New Meaning in a Brave New World

The motto of the “Brave New World” was “Community, Identity, and Stability.” In the following essay the actual meanings of these terms will be addressed.

The term “Community” really did not have the meaning that we are accustomed to hearing and speaking in the modern day and age (1996). Instead it stands for almost a lack of “Community”, meaning that there is no choice of where one ranks in the “Community”, instead you are assigned even before production (natural birth is non-existent) your place in society and a person could never know what are the differences between being an Alpha or a Gamma. A person in the community is shared by everyone in the “Community”, everyone belongs to everyone every person is shared sexually with one another, and there is no emotional bond because are breed not to have them.

The term “Identity” is a complete opposite from the way that we are accustomed to seeing it and feeling it, in other words it is non-existent no one has any feelings, and no one posses any of their own personal characteristics, they are all alike. If a person were to try and find their own identity they were looked down upon and had to take a soma holiday (soma was a legal drug that took away all of a persons feelings or individualized idea’s). The soma holiday was everyone’s way out of having to deal with anything unpleasant or their way of having a good time.

The “Stability” in the “Brave New World” is a different sort of “Stability”, the “Stability” in “Brave New World” is economic stability, clothes were not to be mended, instead new ones were to be purchased to support economic stability and growth. Nothing was allowed to be produced or purchased that was not very expensive and did not require money to keep it in good running condition. If the society let cheap things onto the market or things were fixed easily what would happen to the vast economic society, it would develop cracks and eventually fall to the ground with a thundering crash.

The entire society in “Brave New World” was based solely on science and technology and not on the social aspect of people, personal freedoms, and feeling differently from your fellow man. Science and technology was not only the basis of their being, and the way they lived it was also the sole reason that life seemed so different than it does in the present day and age (1996).

William Blake’s Songs of Innocence and Experience

A poet does not achieve the highest levels of success until generations and generations after his death have critiqued and recognized his works of art, as seen by the revered poet William Blake. He lived and crafted his finest masterpieces during the era of Romanticism, which is marked by the earliest poems of William Blake in 1783 (Anthology, pg 3). Along with Wordsworth, modern poetry was created (Anthology, pg 8). During the eighteenth and nineteenth century, poetry that described nature and landscapes emerged. Blake was a somewhat ambitious artist who questioned the world and rebelled against tradition and customs. He saw these aspects of life troubling because he did not always agree with the way in which society pressured him to conform. Although Blake did eventually marry, his marriage went through tumultuous periods, sometimes filled with sexual jealousy. This can be interpreted in the “Sick Rose”. William Blake could be characterized as an antinomian. He was a person who based his own religion and morality based on personal experiences with God, or a higher power (Notes, 6/27). His individualistic approach to life can be seen in his modernizing work Songs of Innocence and Songs of Experience.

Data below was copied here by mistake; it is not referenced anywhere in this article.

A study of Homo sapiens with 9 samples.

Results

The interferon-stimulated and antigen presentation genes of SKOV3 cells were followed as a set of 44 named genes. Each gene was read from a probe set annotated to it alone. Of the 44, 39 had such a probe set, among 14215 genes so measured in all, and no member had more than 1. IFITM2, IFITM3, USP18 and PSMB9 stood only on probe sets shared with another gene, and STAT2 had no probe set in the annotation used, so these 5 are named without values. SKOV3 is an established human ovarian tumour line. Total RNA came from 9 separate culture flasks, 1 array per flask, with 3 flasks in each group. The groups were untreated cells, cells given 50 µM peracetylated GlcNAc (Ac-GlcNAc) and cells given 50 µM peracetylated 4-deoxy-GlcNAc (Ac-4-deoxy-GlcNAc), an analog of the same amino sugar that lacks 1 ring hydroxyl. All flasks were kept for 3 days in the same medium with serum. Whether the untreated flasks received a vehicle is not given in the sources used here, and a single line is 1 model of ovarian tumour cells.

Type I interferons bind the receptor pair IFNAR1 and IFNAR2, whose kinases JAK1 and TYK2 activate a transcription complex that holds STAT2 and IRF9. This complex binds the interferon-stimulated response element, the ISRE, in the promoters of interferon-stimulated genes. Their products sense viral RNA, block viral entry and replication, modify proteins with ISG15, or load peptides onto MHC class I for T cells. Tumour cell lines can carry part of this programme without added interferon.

One of the more difficult works of Blake to assess is the pair of poems Holy Thursday. The first and most obvious difference between these poems is the way in which they are constructed. In Songs of Innocence, Blake is telling a story that merely explains the irony behind Holy Thursday, which is the fortieth day after Easter. The children he is referring to that are wearing red and blue and green are actually chimney sweepers. The irony is that the Church, who in an ideal society has a moral obligation to assist …


Works Cited

Kermode, Frank, and Hollander, John. The Oxford Anthology of English Literature: 1800 to the Present. Oxford University Press: London, 1973.

Poet’s Corner. Accessed: 12 July 2007.

Shelson, John. Engl 212-British Literature II: Class Notes. Professor Craig Laird: Drexel University, 27 June 2007.